Struggles for civil rights in Louisiana date back to early statehood, but titles in this subcategory coincide with the Civil Rights Movement of the mid-twentieth century. Louisiana established black voting rights as early as 1948, and began integrating its public universities in 1954. The political interests of Governor Earl Long and pressure from New Orleans civil rights activists like A. P. Tureaud and Ernest “Dutch” Morial (later the city’s first black mayor) were crucial to these early advances. But the 1960-61 crisis over school integration in New Orleans proved that progress would be far from smooth. The 1970s brought economic prosperity to Louisiana as agriculture was mechanized and new industries (petroleum) were developed. Race and class influenced the impact of the boom, as wealthy whites moved out of New Orleans and into surrounding suburbs leaving New Orleans a majority black city with a sharply reduced tax base. Recent studies have also addressed sports culture and the impact of Katrina on New Orleans’s legacy in the New South.
Anderson, R. Bentley. Black, White, and Catholic: New Orleans Interracialism, 1947-1956. Vanderbilt University Press, 2008.
Baker, Liva. The Second Battle of New Orleans: The Hundred-Year Struggle to Integrate the Schools. PerfectBound, 1996.
Bontemps, Arna. “Special Collections of Negroana.” The Library Quarterly 14, no. 3 (July 1944): 187-206.
Bridges, Ruby. Through My Eyes. Scholastic Press, 2000.
Bullard, Robert D. In Search of the New South: The Black Urban Experience in the 1970s and 1980s. First Edition. University Alabama Press, 1991.
Fairclough, Adam. Race & Democracy: The Civil Rights Struggle in Louisiana, 1915-1972. University of Georgia Press, 1999.
Germany, Kent B. New Orleans After the Promises: Poverty, Citizenship, and the Search for the Great Society. Athens: University of Georgia Press, 2007.
Hyde, Samuel C., Jr. Sunbelt Revolution: The Historical Progression of the Civil Rights Struggle in the Gulf South, 1866-2000. 1st ed. University Press of Florida, 2003.
Inger, Morton. “Politics and Reality in an American City; The New Orleans School Crisis of 1960. A Monograph..” Center for Urban Education, February 1969. ERIC.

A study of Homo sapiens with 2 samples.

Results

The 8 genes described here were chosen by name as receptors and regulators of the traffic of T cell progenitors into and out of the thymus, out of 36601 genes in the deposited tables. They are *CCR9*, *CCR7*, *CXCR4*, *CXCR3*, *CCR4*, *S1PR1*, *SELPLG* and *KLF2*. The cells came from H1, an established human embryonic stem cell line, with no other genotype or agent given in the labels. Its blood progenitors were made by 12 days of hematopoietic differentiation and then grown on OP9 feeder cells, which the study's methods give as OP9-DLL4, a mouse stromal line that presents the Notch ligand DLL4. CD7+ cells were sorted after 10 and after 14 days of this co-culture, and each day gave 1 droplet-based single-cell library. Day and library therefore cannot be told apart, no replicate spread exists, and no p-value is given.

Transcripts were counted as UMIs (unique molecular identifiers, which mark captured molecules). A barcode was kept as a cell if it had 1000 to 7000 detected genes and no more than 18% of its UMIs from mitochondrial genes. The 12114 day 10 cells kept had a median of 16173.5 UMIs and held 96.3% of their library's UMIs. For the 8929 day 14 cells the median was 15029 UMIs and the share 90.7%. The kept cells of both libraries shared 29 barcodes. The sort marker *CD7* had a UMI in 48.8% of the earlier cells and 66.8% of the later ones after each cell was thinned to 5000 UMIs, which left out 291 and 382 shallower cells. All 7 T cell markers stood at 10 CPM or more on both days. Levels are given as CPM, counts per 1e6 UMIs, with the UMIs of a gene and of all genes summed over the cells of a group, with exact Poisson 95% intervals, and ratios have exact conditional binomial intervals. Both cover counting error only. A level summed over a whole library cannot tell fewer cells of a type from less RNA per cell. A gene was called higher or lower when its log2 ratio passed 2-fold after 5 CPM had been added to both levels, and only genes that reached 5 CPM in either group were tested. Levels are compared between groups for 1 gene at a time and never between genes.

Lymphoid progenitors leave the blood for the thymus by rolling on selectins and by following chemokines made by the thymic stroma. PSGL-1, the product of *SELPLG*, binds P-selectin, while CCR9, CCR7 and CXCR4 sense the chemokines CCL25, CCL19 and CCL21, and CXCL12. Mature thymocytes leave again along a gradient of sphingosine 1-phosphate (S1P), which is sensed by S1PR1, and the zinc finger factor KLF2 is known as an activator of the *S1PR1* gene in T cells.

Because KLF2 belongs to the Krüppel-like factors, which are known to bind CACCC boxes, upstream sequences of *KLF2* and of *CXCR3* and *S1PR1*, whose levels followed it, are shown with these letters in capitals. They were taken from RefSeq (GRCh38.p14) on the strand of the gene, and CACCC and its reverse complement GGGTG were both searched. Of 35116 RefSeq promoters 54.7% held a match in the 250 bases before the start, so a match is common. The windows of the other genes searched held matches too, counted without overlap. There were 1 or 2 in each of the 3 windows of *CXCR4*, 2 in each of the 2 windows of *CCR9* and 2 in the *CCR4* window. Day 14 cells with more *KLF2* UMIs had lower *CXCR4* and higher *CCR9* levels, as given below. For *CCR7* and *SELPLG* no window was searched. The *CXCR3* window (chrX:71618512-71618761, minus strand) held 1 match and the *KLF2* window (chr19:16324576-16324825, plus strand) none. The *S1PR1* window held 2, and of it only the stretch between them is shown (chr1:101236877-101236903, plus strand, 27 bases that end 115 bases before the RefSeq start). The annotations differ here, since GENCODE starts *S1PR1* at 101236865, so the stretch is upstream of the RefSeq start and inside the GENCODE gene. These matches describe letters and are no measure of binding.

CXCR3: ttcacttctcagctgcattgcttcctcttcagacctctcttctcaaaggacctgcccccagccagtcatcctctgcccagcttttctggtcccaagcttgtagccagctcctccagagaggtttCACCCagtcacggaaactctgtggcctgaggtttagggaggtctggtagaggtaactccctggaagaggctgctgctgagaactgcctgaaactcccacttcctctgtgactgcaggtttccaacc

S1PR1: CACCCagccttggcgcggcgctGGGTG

La Violette, Forrest Emmanuel. Negro Housing in New Orleans, 1957.
Louis, Alex, Walter Bowles, and Raymond Grace. Study of Racial Attitudes in Louisiana, Fall of 1966, 1966.
Moore, Leonard N. Black Rage in New Orleans: Police Brutality and African American Activism from World War II to Hurricane Katrina. Baton Rouge: Louisiana State University Press, 2010.
Needham, Maurice d’Arlan. Negro Orleanian: Status and Stake in a City’s Economy and Housing. New Orleans: Tulane Publications, 1962. http://openlibrary.org/b/OL5868387M/Negro_Orleanian_status_and_stake_in_a_city%27s_economy_and_housing.
Orleans, Social Welfare Planning Council (New, and La.). Research Dept. Progress and Challenge, 1969.
Patterson, Sunni. “We Know This Place.” American Quarterly 61, no. 3 (Fall 2009): 719-722.
Reissman, Leonard, Tulane University. Urban Studies Center, and New Orleans (La.). City Planning Commission. Housing Discrimination in New Orleans. Tulane Urban Studies Center, Tulane University, 1970.
Rogers, Kim. Righteous Lives: Narratives of the New Orleans Civil Rights Movement. NYU Press, 1995.
Souther, J. Mark. “Into the Big League: Conventions, Football, and the Color Line in New Orleans.” Journal of Urban History 29, no. 6 (2003): 694-725.
Spain, Daphne. “Race Relations and Residential Segregation in New Orleans: Two Centuries of Paradox.” Annals of the American Academy of Political and Social Science 441. Issue Title: Race and Residence in American Cities (January 1979): 82-96.